Ronni Belfort first heard of WeWork in 2015, after her girlfriend at the time had gotten a job with the company. Belfort says that when she was helping her fill out some paperwork, she couldn’t help but think, “Wow, this is a kick-ass job!”
Belfort decided to apply for a position herself. Later that year she was hired at New York’s WeWork 175 Varick St as a community services associate—making her responsible for the cleanliness of the building, maintaining the private offices and the common areas.
From the beginning, Belfort says it was clear to her that WeWork “takes down all the barriers” that often keep a company’s cleaning staff from feeling like part of the team.
“We are totally a part of the company,” she says. “That sense of togetherness is definitely new to a lot of people who have done cleaning jobs for the last 25 years. That is something they’ve never experienced.”
Belfort knew when she started that WeWork urges people to “make a life, not just a living.” She took this to heart, deciding that she wanted to take on a greater leadership role in the company.
“I wanted to be the one that supported our team in terms of training, logistics, and just creating a more positive employee experience for everyone,” she says.
Last year she was promoted to community services lead, training new members of the 400-person cleaning staff in the tristate area. Every other Monday begins with onboarding for two or three dozen new employees, followed by several days of hands-on training.
“We spend the rest of the week working with them side-by-side so that they can practice,” says Belfort. “Then they are off to their home locations fully prepared and well-equipped.”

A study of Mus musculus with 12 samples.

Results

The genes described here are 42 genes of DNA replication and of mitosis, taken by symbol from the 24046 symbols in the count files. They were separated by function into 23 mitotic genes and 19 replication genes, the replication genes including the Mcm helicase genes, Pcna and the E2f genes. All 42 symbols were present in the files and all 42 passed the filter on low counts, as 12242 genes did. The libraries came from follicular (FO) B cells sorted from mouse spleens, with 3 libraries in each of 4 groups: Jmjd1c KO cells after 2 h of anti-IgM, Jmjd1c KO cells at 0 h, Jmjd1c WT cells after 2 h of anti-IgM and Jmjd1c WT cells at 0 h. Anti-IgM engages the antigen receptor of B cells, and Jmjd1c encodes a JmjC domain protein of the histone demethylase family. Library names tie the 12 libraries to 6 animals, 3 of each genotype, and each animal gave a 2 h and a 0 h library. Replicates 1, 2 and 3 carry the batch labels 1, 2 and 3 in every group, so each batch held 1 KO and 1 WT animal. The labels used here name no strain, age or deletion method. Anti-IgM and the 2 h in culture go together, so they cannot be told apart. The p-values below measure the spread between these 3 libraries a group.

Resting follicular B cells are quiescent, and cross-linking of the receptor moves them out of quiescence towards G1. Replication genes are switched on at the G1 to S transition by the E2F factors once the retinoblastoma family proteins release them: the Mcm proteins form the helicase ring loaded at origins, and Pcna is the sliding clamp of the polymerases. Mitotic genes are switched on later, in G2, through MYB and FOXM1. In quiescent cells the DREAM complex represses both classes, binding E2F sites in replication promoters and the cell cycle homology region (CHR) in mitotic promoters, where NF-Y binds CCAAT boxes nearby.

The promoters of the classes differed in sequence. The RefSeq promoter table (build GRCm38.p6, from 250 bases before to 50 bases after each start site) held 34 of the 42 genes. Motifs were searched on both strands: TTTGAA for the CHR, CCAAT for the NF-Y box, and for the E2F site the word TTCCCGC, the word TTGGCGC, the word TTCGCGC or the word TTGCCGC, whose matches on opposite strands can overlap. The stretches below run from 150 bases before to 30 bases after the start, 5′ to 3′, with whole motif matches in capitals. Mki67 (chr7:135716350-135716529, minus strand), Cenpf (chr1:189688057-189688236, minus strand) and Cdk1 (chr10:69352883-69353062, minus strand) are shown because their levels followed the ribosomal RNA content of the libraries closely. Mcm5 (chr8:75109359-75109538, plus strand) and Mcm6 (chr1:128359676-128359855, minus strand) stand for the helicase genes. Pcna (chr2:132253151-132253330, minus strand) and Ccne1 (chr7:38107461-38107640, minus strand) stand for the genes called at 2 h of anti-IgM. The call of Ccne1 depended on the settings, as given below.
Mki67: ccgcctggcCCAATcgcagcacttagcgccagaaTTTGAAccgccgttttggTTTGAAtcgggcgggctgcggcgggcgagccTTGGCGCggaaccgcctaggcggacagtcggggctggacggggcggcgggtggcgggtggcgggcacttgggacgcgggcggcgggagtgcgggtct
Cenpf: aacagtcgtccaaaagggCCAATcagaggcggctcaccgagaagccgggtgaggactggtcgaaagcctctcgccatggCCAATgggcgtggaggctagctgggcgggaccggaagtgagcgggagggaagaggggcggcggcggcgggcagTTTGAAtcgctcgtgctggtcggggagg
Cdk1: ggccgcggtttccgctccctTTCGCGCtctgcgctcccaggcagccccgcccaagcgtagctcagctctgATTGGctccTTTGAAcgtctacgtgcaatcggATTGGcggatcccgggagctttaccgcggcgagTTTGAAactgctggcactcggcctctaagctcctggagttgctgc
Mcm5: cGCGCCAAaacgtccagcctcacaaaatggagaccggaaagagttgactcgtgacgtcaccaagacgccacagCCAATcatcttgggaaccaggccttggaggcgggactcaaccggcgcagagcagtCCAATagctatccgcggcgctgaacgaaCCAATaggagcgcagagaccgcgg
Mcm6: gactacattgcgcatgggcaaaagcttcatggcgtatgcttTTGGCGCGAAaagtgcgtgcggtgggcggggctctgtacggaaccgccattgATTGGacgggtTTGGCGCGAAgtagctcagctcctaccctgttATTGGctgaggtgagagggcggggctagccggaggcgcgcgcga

On alternate weeks, she keeps up to date with new hires, joining them on their shifts no matter what time of day. “It’s a little bit of day, it’s a little bit of night, a little bit of back and forth, but it’s super fun,” she says.
Ashley Miller, who hired Belfort for her new position, says she quickly became an indispensable part of the team.
“Ronni truly embodies WeWork and our core values,” says Miller. “Our team supported her vision for the role, and Ronni did the work carving out the first community services trainer role.”
Katherine Teodosic, director of community services, says Belfort had a clear vision for what the team could accomplish.
“Ronni has single-handedly grown the training sector of the community services department, developing a robust program and regimen unlike any other throughout WeWork,” she says. “Her work ethic, enthusiasm, and passion are unsurpassed, and her knowledge within the department is incredible.”
In January, WeWork co-founders Miguel McKelvey and Adam Neumann presented Belfort with a Founders Award, given each year to employees who’ve “made a significant impact on our mission and company goals.” At first, she felt slightly intimidated to be in the spotlight. “It’s always about everyone else, and that’s my job and I love it,” she says. “So I was a little nervous.”
But her nerves were quickly eased when she walked on stage at WeWork’s Global Summit, a gathering of thousands of the company’s employees that took place in Los Angeles.
“Being among this group of amazing people, I felt really special and honored to represent a group of people that I want to be seen more,” she says. “I’m looking forward to that big bright future that we keep talking about. I want us to all be a part of it no matter what our position is as long as we’re all working toward the same thing.”